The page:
In March last year, I pondered whether Facebook's (NASDAQ:FB) Instagram would soon become bigger than Twitter (NYSE:TWTR). At the time, Instagram had recently announced it surpassed 200 million active users, or MAUs, and Twitter had 241 million MAUs. Today, the question has shifted dramatically. Now investors are wondering how much bigger Instagram will be than Twitter.

Instagram. Image source: Instagram.

In a blog post on Tuesday, Instagram announced it had reached the 400 million user mark, doubling in less than two years. Where's Twitter's MAU count today? As of its second-quarter report, it had 316 million users -- or 304 million after excluding SMS fast followers.

Going forward, chances are Facebook's Instagram will continue to see outsized growth in relation to Twitter. Here's why.

Facebook wants billions of users
Instagram's superior growth in its user base compared to Twitter highlights one of the core drivers of Facebook's business: a relentless effort to build services with the potential to reach more than one billion users. For Facebook CEO Mark Zuckerberg, an online social network isn't quite a business in its own right until it reaches a certain number of users -- one billion users, to be specific.

"This may sound a little ridiculous to say," Zuckerberg said during the company's 2014 third-quarter earnings call, "but for us, products don't really get that interesting to turn into businesses until they have about a billion people using them."

Facebook's ambitious view of what constitutes a business in social media makes sense. Not only is its user base for its core social product already well beyond one billion MAUs and near one billion daily active users, but helping the world connect is at the very heart of the social network's mission. And, as it turns out, monetizing social networks with more than a billion users is also very profitable; the company raked in about $700 million of net income on a GAAP basis and $1.4 billion on a non-GAAP basis during Q2 alone.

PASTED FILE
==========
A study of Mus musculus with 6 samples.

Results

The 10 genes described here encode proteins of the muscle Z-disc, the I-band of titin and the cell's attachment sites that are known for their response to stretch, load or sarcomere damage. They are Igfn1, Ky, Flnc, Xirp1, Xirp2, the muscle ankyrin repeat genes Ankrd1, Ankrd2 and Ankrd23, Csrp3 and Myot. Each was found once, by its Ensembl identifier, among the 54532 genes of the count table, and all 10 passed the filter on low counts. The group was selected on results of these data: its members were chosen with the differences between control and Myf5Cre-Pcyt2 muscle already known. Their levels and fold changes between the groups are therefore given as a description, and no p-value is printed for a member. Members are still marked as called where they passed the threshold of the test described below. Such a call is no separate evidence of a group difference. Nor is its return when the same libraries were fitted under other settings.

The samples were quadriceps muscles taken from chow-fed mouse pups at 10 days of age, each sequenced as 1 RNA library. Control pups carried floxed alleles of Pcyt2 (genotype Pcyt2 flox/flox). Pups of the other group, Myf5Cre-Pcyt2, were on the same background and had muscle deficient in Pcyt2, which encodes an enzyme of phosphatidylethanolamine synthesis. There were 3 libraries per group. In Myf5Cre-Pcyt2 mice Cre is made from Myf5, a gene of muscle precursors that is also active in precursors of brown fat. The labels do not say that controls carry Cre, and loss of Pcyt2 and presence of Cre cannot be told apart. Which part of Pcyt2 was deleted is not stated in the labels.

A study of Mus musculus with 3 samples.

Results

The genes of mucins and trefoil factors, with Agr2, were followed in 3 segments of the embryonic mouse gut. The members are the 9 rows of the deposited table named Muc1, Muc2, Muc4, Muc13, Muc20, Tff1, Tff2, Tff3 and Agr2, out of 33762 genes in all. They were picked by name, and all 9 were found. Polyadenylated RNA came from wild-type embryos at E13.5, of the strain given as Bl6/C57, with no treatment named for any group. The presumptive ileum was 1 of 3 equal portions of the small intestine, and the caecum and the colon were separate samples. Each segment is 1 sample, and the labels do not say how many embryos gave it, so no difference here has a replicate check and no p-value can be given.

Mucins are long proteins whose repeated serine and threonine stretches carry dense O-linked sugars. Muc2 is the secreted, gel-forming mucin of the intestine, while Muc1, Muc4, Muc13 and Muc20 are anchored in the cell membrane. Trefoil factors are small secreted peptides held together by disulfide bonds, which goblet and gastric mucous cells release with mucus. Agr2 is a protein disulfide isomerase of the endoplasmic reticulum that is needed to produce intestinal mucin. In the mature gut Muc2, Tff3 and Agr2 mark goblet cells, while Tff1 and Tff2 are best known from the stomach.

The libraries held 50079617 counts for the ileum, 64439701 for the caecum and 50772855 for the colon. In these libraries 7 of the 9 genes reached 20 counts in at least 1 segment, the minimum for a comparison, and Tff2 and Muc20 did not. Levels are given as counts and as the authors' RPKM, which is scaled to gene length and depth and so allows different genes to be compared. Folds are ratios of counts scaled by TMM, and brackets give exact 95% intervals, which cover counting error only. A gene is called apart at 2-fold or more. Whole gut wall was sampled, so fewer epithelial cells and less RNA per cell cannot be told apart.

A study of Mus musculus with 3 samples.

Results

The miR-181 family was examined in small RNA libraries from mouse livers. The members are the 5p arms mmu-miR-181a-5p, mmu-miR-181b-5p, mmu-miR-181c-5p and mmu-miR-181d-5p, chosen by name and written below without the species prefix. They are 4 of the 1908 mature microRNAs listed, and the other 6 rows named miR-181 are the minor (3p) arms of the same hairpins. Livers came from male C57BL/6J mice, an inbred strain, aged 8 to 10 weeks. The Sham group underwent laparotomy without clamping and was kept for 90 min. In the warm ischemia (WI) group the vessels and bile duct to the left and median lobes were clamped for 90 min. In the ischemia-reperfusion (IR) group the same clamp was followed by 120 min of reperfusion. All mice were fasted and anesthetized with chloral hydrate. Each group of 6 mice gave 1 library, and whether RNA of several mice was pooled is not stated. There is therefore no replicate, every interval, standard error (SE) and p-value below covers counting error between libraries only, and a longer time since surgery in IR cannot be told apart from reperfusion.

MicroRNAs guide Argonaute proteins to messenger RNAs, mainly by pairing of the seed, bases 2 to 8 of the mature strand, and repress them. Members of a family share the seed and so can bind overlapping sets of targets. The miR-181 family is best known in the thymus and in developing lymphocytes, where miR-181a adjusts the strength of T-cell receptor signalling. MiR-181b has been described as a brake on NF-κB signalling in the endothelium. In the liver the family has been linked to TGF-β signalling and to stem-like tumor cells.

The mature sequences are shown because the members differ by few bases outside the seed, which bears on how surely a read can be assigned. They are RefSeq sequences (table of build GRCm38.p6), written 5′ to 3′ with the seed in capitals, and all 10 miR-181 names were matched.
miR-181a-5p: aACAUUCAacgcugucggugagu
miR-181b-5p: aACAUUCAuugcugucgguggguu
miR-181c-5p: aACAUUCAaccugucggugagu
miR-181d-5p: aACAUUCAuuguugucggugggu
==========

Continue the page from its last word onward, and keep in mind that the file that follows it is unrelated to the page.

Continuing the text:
Of course, Zuckerberg isn't stopping at building its core Facebook product into a legitimate business. A number of the social company's other platforms are on deck for significant monetization efforts, as the CEO explained during the company's third-quarter earnings call last year:

Over a five-year time frame, we have a number of services, which we think are well on their way to reaching a billion people. Messenger, WhatsApp, Instagram, and search are a number of them. And once we get to that scale, then we think that they will start to become meaningful businesses in their own right.

But investors will have to be patient.

And I think that the right way to think about that, as I've tried to say repeatedly on these calls is -- not that we're going to try to monetize them very aggressively in the next year or two. Because I really think for each of those categories, the right strategy is to first focus on connecting 1 billion plus people and reaching the full potential before very aggressively turning them into businesses.

Given Facebook's track record in monetizing its core platform so far, Zuckerberg fortunately has the market's trust when it comes to following through on rolling out more significant monetization efforts on these products when they surpass one billion users.

And it probably won't take long for a handful of Facebook's products to exceed one billion users. WhatsApp is already at 900 million users and its Messenger and Instagram services have exceeded 700 million and 400 million users, respectively. Not only are all of these services continuing to grow rapidly, but Facebook's absolute emphasis on user growth, paired with its experience in growing social products, will likely drive unusual adoption.

Twitter. Image source: Twitter.

Twitter wants to appeal to the masses, too
As all of Facebook's social products continue to grow faster than Twitter, Twitter's management is trying to take a tip from its larger peer and begin emphasizing user growth.

"Our Q2 results show good progress in monetization, but we are not satisfied with our growth in audience," said Jack Dorsey, interim CEO and co-founder of Twitter, during the company's second-quarter earnings call. "In order to realize Twitter's full potential, we must improve in three key areas: ensure more disciplined execution, simplify our service to deliver Twitter's value faster, and better communicate that value."

Or, in other words: Twitter wants to hone in on strategies aimed at attracting the masses, just like Facebook.

But Twitter investors shouldn't expect the company to reinvigorate growth overnight. Facebook's has always been laser-focused on user growth as its number one priority, and it has been proactive in ensuring its products align with this aim. Twitter, on the other hand, is still a confusing product for the majority of the connected world. It's going to take time, therefore, for Twitter to realign its priorities and find a way to begin appealing to a much larger audience.

Don't expect Twitter's user base to begin gaining on Instagram's any time soon -- if ever.